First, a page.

Why use radio to help your campaign?
Radio is Emotional
•The emotional appeal of radio is unique among media.
•Radio’s emotional pull can be quite strong, as Orson Wells found when his “War of the Worlds” broadcast caused people to flee their houses armed with shotguns and pitchforks, convinced that Martians were invading Grovers Mills, New Jersey.
•A radio message pushes buttons in listeners’ minds, activating memories of every picture ever seen and every emotion ever felt.
•Radio’s emotional appeal is immediate, and radio’s immediacy is a powerful motivator.
•Direct response advertisers everywhere testify to the tangible results generated by radio commercials.
•Listeners hear the message and react.
CAST YOUR VOTE FOR RADIO!
|For rates and political advertising for both commercial advertising and interactive content, please contact:|
Karen Kelly: firstname.lastname@example.org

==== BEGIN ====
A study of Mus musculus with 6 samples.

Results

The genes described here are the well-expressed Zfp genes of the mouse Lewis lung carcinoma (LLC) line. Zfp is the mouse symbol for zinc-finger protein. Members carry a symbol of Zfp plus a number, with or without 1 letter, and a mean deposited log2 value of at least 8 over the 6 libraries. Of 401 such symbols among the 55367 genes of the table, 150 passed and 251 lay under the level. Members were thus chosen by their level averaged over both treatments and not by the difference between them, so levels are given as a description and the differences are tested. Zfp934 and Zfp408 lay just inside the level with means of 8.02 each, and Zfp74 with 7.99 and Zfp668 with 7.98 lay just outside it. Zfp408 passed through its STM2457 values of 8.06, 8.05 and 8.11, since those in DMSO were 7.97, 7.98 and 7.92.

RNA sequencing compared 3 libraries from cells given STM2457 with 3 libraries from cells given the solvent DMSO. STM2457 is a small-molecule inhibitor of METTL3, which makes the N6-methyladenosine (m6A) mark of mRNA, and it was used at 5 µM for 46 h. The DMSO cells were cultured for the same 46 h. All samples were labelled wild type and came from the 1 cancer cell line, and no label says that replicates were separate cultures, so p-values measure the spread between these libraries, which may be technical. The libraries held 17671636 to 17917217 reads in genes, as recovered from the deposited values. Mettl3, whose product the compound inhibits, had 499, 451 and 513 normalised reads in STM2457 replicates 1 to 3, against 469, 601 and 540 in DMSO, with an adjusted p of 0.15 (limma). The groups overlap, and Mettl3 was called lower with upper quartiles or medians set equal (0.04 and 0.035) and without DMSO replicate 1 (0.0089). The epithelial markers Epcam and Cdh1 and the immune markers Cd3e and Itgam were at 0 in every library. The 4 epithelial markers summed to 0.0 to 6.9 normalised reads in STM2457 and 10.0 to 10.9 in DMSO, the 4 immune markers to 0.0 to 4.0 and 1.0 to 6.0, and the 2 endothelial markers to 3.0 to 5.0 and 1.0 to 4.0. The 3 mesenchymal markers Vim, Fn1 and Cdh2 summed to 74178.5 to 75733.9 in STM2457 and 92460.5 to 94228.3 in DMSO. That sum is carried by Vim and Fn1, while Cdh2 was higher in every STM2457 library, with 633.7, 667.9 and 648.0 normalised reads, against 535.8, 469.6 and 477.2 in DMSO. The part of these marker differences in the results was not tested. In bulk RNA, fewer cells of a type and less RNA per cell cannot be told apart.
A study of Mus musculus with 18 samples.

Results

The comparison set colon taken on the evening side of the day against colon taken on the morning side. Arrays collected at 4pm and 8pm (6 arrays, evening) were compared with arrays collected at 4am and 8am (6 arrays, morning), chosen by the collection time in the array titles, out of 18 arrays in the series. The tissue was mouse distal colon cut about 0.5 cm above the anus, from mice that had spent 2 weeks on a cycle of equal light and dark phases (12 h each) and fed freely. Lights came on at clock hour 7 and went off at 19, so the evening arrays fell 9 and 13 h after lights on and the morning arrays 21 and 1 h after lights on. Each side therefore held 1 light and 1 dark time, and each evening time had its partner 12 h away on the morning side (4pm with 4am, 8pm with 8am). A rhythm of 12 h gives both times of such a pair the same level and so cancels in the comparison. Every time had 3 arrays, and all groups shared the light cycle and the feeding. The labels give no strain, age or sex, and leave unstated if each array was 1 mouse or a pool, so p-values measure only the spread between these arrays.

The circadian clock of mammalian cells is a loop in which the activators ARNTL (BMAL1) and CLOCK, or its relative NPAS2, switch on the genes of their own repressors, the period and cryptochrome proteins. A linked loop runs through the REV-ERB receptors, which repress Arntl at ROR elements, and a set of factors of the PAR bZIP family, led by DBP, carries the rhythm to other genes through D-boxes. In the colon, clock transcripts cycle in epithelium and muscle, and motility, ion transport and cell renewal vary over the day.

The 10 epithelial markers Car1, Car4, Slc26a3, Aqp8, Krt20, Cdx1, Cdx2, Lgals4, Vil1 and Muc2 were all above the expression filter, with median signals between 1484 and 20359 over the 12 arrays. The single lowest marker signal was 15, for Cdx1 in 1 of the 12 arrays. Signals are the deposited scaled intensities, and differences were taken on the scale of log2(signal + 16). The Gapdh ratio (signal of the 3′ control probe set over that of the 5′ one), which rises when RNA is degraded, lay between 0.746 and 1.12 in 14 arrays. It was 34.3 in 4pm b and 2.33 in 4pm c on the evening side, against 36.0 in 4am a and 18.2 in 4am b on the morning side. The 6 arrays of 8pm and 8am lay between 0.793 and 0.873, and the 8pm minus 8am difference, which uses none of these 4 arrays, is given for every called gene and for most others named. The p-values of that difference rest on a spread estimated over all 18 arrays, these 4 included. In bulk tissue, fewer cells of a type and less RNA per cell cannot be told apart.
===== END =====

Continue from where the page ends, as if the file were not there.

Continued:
During the 45 days preceding the 2008 Illinois primary election and the 60 days before the 2008 Illinois general election, Regent stations charge candidates in the respective elections the “lowest unit charge” for an advertisement if the advertisement constitutes a “use” of the Station’s facilities; as defined by the FCC. During any time outside of the 45-day and 60-day periods, the charges for political advertisements constituting a “use” are set so as to be no higher than those charged other advertisers for comparable use of the Station’s facilities. Any political advertisement that is not a “use,” including any advertisement purchased by a non-candidate or any advertisement dealing with non-candidate ballot issues, is sold at prevailing commercial rates. If a political advertisement constitutes a use, the Station will provide opposing candidates with “equal opportunities,” as established by federal law, to use the facilities of the Station. For a candidate to receive the lowest unit (LUC) charge for the class of time purchased, the candidate must: 1) abide by the Communications Act of 1934, Section 315 and the Bipartisan Campaign Reform Act (BCRA) of 2002. 2) provide the station with certification that the candidate will not make any direct reference to another candidate for the same office in any broadcast unless the broadcast complies with §315(b)(2)(C) of the Communications Act as amended by the Bipartisan Campaign Reform Act of 2002. 3) the political broadcast ad must contain a statement read by the candidate which identifies the candidate, states that the candidate has approved the broadcast, and states that the candidate or the candidate’s authorized committee has paid for the broadcast.